Recognizing Ourselves

I just finished reading a book where a woman woke up with total amnesia. When she looked in the mirror, she freaked out because the face peering back at her wasn’t hers. The face had chubby cheeks, extra chins, and an unfamiliar nose rather than the gaunt, model thin face she was used to.

The woman unknowingly had been a twin, and she and her twin had been in the vicinity of a car bombing. The model-thin twin died. The one who weighed a bit more (just a few pounds — she was far from obese) survived but with total amnesia. (Though she did remember how to talk, and apparently, she remembered how she thought she looked.)

Supposedly, the two women had somehow become mingled in the same body, the reason for the unfamiliar face in the mirror, but to me, that was a cop out. The real story would have been how we see ourselves deep down, beneath thought and memory.

My sister once told me that when she was thirty-five, our mom mentioned that she felt she was thirty-five, thought of herself as thirty-five. My sister thought that was cool, that she and Mother were basically the same age.

In my case, I don’t see myself as young as my mother and sister, though I do tend to think of myself as younger, thinner, more agile than I really am. I certainly don’t see myself as truly young. In fact, I no longer remember who that little girl was, perhaps because I never really did see myself as a child. I always felt old when I was young.

So, if I ended up with no memory of myself, would I freak out when I saw the truth of myself in the mirror? Would I freak out when I felt the truth? (The aches and pains in the morning would certainly discomfit someone who thought they were much younger.)

Once, in my early middle years, I was walking past a store window and caught a glimpse of my mother. I looked around, confused. What was Mother doing in that town so far from where she lived? Not seeing my mother, I looked once more at the reflection in the window, and realized I was seeing myself.

Now that freaked me out! I had no idea I looked so much like my mother at that time. I no longer look like her. In fact, I look more like her mother. Or rather, the photo on my driver’s license looks like a photo I once saw of my grandmother — a faded but staunch and stoic country woman from the old country.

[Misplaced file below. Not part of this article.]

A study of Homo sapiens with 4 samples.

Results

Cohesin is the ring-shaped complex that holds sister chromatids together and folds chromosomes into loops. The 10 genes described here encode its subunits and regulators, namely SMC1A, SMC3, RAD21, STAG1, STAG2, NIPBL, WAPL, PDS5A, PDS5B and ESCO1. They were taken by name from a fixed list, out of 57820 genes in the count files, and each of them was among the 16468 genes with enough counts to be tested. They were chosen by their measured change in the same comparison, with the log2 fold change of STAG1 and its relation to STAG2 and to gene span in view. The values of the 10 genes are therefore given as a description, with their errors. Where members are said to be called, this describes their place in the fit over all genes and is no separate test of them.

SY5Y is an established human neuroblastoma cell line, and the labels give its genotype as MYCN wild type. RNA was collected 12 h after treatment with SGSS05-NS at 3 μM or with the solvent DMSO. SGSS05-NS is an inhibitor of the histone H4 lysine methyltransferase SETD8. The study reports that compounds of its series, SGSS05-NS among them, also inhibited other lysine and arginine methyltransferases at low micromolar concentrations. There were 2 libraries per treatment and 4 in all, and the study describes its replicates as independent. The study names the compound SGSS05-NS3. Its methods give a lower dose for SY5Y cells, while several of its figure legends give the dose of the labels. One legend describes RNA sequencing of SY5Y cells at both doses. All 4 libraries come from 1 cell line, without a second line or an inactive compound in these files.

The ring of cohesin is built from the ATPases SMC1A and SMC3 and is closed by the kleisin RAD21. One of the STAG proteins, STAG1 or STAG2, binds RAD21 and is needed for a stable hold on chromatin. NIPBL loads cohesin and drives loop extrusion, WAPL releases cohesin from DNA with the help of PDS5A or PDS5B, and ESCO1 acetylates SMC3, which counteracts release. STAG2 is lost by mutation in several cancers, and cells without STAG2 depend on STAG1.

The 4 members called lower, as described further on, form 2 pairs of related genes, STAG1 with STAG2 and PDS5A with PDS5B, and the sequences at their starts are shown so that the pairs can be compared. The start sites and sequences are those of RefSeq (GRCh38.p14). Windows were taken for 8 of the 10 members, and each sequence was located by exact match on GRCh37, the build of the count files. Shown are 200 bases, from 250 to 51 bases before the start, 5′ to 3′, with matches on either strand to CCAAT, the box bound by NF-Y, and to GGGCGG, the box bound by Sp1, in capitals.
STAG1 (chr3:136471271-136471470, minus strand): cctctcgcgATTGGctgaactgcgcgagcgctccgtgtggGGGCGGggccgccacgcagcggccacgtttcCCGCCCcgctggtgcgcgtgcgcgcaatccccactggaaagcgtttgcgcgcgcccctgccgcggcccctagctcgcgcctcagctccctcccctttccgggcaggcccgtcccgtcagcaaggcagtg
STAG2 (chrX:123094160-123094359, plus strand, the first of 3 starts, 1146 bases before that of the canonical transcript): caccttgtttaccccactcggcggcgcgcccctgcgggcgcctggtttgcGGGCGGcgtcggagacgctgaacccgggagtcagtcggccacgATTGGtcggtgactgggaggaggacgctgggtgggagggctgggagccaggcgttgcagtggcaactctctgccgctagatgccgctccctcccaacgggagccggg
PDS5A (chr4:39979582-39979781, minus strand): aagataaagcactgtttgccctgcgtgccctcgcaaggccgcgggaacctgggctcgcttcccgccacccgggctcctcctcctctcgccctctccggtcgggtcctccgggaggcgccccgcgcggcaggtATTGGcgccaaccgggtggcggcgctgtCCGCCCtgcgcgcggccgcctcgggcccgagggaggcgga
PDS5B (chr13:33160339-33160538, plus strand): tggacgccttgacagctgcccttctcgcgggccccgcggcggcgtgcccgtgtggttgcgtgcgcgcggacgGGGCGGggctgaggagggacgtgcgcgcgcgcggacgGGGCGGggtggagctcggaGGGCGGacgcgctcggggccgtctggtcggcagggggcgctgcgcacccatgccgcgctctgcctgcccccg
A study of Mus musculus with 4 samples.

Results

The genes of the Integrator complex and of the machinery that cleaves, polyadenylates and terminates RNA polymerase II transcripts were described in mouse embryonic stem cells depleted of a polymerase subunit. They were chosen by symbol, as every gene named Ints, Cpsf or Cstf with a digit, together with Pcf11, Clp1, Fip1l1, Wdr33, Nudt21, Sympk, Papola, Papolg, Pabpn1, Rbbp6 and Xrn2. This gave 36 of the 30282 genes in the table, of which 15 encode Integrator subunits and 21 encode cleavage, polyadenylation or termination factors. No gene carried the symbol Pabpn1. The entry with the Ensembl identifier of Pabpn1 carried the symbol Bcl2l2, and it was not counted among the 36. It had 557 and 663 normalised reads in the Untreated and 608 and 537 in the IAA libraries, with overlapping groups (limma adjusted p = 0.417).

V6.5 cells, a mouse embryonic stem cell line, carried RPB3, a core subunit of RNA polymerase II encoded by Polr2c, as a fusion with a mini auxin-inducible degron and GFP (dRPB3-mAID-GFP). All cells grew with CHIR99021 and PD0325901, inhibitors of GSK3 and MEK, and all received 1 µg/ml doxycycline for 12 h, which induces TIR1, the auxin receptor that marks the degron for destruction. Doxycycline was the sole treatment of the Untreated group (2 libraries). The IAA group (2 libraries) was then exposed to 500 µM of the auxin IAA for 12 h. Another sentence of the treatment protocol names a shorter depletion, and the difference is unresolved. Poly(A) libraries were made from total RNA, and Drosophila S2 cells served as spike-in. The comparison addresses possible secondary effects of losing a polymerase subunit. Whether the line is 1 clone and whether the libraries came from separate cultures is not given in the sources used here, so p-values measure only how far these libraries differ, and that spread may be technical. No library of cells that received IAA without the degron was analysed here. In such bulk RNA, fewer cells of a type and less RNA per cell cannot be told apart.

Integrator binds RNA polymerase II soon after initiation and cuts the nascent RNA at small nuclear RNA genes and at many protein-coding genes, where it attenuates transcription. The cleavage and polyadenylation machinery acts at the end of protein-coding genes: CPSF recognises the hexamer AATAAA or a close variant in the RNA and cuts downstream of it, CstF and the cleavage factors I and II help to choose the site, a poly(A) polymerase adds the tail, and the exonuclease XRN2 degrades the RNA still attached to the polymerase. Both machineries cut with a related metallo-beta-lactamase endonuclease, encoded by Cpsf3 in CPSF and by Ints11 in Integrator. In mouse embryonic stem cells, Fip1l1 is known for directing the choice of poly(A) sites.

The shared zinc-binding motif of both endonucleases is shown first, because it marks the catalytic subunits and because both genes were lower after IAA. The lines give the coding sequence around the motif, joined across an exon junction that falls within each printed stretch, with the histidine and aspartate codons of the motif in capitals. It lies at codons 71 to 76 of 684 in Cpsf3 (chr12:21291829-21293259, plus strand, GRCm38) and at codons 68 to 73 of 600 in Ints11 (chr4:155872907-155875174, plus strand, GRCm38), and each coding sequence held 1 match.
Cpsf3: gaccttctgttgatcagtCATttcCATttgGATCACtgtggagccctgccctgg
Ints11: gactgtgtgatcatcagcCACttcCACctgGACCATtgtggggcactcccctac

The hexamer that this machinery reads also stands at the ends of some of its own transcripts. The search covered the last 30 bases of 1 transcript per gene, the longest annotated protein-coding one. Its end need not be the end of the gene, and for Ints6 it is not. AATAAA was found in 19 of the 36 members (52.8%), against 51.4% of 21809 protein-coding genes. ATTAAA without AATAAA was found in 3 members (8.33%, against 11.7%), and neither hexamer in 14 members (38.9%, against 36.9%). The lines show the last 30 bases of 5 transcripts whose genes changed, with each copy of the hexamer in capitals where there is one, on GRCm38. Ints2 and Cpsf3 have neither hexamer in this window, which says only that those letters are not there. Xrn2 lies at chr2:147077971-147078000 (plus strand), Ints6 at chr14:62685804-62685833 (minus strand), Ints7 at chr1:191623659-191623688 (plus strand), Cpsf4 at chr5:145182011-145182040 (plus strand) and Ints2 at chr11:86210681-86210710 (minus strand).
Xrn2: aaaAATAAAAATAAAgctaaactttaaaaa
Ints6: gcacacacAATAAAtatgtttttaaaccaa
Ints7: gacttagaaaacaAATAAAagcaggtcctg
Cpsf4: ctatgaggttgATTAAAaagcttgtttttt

So, if I were to lose all memory of myself, who would I see when I looked in the mirror? Would I see “me”? (Whoever that might be.) Would I look too old? Too heavy? Too sad or morose? Or would I see a pleasant woman with bright eyes and a nice smile? (Assuming, of course, I would be able to smile under such circumstances.) Would I care?

We tend to grow into our bodies, to identify with our bodies, but we are not our bodies. Perhaps, without memory, we wouldn’t even remember ourselves as having a body, so any reflection of ourselves would seem unfitting.

What about you? If you didn’t know who you were, would you recognize yourself in the mirror?

***

Pat Bertram is the author of Grief: The Inside Story – A Guide to Surviving the Loss of a Loved One. “Grief: The Inside Story is perfect and that is not hyperbole! It is exactly what folk who are grieving need to read.” –Leesa Healy, RN, GDAS GDAT, Emotional/Mental Health Therapist & Educator.

6 Responses to “Recognizing Ourselves”

  1. SheilaDeeth Says:

    I’m accustomed to seeing my mother’s face instead of mine in the mirror – where did those wrinkly come from? – but looking in the mirror and seeing my grandmother’s face… that really threw me.

    • Pat Bertram Says:

      I only met my grandmother once when I was very young, so I don’t actually know what she looks like, though I did see that one photo of her when she was much younger than I, so it’s not as bad as it seems. Whew!

  2. Sam Sattler Says:

    I see my father every time I look in the mirror. I am 71 and still very visibly aging. He is 97 and seems to be in a holding pattern as far as facial aging goes, so I think I’m catching up with him.

  3. Judy Galyon Says:

    Interesting idea. I have a picture of me about 4 or 5 sitting with my parents. I don’t think I would ever recognize myself at that age.

  4. rami ungar the writer Says:

    I saw “finished reading a book about a woman with amnesia” and I’m like, “Did she finish reading Rose? What did she think?!” And then the rest of the post made it very clear that wasn’t the case, LOL.